State pension: How can I get a state pension if I’ve never paid into one?

The new state pension was introduced on April 6, 2016, and created some big changes from the old system. The earliest you can claim your pension is the national pension age, which is currently 65, but will change to 66 in October 2020.

What if I’ve never paid into my state pension?

If you have never worked and do not have a reason for not working, such as being disabled or having a condition that means you can’t work, you do not get any state pension.

The full new state pension is £175.20 per week – but you don’t automatically get this amount.

What you will receive is based on your National Insurance history, and how many qualifying years you have on your record.



The exception to this rule is if you are married or in a civil partnership, in which you can qualify for state pension based on your partner’s national insurance record.

Saving into a workplace pension or another type of private pension does not affect how much State Pension most people receive from the Government.

The Department of Work and Pensions only takes into account your NI contributions and does not make an assessment of how much you need from other income sources unless you have low income.

You can get a pension forecast from the Government which will tell you, based on your current record, how much you are set to receive once you reach state pension age.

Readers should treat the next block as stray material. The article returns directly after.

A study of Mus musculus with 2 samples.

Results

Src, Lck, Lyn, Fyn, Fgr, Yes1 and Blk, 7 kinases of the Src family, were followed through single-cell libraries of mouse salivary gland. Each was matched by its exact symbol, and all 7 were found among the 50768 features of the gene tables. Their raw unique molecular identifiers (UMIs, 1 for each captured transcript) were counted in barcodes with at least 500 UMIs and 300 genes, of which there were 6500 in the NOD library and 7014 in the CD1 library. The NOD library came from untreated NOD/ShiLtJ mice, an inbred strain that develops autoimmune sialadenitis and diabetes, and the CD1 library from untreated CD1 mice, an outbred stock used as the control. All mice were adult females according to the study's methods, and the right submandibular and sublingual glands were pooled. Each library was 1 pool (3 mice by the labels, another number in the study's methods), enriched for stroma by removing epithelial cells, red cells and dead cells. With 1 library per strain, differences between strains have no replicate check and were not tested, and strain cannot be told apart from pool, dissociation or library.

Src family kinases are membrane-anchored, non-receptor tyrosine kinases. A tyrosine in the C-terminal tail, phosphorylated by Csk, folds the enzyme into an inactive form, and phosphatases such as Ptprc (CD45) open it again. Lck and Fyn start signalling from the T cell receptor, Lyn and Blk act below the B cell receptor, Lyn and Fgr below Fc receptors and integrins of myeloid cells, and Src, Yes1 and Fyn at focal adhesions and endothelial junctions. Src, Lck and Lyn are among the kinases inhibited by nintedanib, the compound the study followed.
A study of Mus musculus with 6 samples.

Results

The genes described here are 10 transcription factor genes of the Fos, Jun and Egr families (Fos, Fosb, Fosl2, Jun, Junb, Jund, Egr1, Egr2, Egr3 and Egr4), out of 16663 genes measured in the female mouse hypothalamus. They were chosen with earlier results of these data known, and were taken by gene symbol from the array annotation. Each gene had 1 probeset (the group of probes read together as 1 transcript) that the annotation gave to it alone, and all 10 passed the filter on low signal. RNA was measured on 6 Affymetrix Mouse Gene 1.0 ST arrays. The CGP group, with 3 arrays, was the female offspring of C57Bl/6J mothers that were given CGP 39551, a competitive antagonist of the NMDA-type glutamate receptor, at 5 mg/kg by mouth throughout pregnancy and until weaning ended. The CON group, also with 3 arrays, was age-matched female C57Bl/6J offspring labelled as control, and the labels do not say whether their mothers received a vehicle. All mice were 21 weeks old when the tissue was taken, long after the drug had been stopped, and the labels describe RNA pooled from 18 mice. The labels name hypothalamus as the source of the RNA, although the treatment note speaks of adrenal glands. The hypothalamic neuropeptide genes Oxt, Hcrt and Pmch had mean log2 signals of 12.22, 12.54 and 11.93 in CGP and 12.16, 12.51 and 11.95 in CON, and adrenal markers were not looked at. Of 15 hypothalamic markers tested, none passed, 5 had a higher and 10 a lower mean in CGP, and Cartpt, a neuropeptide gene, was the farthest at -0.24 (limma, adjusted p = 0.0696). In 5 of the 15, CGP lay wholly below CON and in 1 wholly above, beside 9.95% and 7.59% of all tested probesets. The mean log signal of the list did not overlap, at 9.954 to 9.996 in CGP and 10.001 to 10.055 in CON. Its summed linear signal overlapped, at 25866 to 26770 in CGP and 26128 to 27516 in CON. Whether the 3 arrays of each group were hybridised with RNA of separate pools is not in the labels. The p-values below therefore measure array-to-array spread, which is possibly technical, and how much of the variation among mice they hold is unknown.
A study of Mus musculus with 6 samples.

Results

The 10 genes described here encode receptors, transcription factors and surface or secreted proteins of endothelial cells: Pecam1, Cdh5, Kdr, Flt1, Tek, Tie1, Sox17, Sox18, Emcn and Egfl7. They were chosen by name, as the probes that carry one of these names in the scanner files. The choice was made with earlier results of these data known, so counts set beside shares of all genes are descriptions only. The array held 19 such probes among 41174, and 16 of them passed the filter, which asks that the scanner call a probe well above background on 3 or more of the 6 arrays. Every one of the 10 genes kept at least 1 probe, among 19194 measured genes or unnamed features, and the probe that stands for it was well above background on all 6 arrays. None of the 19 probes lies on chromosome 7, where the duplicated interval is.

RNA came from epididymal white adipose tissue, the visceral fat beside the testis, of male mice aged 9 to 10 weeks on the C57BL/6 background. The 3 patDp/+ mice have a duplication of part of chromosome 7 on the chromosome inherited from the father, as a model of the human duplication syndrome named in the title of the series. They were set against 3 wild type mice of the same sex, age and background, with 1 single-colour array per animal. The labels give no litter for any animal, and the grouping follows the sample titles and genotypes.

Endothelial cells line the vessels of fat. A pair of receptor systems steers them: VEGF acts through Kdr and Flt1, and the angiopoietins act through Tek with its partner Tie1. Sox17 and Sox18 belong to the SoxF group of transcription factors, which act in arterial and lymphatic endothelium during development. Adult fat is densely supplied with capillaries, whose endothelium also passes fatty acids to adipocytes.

What are qualifying years?

Qualifying years are years you have spent paying National Insurance as part of your salary in work or receiving National Insurance credits.

You need 35 full qualifying years to get the full state pension.


National Insurance credits are given when you take time off work due to something like caring for a child or having a long term illness, or if you are in receipt of certain benefits.

Each qualifying year you add to your national insurance record works out at an extra £4.70 a week once you are able to claim.

If you have gaps in your NIC history and are not in receipt of the full state pension, you can usually pay voluntary Class 3 contributions for the past six years.

Prior to the new state pension, the old state pension was made up of two parts – the basic state pension and the additional state pension.

The new state pension combines those into a single amount, which is higher than the basic state pension.

The full level of the new state pension is £175.20 in 2020/21, although you could get more or less than this.

You won’t get any less than what you would have received under the old system.